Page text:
A's staying flexible with closer decisions

Melvin basing assignments on situation, pitchers' performance

A's staying flexible with closer decisions

OAKLAND -- The A's closer situation seems more fluid than ever, but on Sunday the ninth inning worked itself out.

With designated closer Sean Doolittle unavailable after having worked two consecutive games, Ryan Madson preserved a one-run lead in the ninth inning and allowed one hit to notch the save in Oakland's 3-2 win against the Royals at the Coliseum, his fourth in as many tries.

In Saturday's 5-3 win over the Royals, Madson notched his third, while Doolittle pitched in a setup situation. That was the plan all along, according to manager Bob Melvin, after Doolittle pitched a full ninth inning Friday.

Heading into Tuesday's series opener on the road against the Yankees, it appears Melvin will go with the pitcher that gives the A's the best chance to win. Even reliever John Axford, who has some closing experience, has not allowed a run in his first seven games this year, and tossed a perfect eighth inning Sunday, despite typically being the seventh-inning guy for Oakland.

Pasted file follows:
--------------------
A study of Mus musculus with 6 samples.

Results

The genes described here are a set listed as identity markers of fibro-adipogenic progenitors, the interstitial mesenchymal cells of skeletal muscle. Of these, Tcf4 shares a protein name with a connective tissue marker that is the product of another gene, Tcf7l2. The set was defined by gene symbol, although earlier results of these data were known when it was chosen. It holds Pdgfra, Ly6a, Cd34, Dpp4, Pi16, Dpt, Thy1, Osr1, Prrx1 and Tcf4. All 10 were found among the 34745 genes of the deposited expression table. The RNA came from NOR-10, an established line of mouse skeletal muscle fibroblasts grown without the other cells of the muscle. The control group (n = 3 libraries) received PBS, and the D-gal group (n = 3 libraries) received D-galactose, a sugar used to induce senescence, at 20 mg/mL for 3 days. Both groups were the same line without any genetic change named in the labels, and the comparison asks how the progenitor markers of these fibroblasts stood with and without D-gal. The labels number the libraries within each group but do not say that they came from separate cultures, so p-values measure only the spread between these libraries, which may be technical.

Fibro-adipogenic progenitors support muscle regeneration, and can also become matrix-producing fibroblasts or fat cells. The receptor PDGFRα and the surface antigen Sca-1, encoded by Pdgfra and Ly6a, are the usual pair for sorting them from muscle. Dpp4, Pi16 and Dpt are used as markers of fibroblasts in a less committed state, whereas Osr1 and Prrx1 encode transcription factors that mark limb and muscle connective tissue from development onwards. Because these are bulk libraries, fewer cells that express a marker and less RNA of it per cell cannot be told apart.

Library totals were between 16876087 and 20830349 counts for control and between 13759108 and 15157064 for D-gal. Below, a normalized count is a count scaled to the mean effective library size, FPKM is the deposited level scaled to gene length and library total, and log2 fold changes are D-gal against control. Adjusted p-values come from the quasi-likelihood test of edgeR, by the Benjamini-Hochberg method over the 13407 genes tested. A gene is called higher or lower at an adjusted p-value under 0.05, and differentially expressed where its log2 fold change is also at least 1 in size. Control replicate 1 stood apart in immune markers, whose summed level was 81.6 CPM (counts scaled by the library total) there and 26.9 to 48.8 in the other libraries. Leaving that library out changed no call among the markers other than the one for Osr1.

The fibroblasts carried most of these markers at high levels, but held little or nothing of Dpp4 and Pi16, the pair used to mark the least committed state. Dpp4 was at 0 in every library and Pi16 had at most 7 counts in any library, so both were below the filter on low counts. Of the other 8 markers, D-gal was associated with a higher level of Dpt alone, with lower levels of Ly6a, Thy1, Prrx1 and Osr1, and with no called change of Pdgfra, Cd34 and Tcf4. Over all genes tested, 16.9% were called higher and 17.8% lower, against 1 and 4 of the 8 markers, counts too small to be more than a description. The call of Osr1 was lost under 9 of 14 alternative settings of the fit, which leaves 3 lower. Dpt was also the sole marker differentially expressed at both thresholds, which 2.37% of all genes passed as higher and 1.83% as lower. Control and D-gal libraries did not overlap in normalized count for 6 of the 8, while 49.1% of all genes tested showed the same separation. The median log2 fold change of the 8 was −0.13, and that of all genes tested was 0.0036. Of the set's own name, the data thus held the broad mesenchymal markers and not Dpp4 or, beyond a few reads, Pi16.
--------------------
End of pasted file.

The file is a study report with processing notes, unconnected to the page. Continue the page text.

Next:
"We feel good about any of those three guys," Melvin said. "Experience has gone a long way for us in the bullpen in late innings this year for sure."

Doolittle has a 6.35 ERA in seven appearances, not the kind of carryover Oakland was hoping for after he compiled a 6.43 ERA in seven Cactus League appearances.

Regardless of who is closing, it is clear that Oakland wants to get a key reliever like Doolittle going again.

"We're just trying to do the best we can with, number one, matchups and, number two, with how guys are pitching," Melvin said.

He added: "Whenever guys are getting into a tough start -- and [Doolittle] has never really struggled before -- you want to try to pitch him in some situations and scenarios where he's got a great chance to perform well, which we always feel like he's going to perform well."

Willie Bans is a contributor to MLB.com. This story was not subject to the approval of Major League Baseball or its clubs.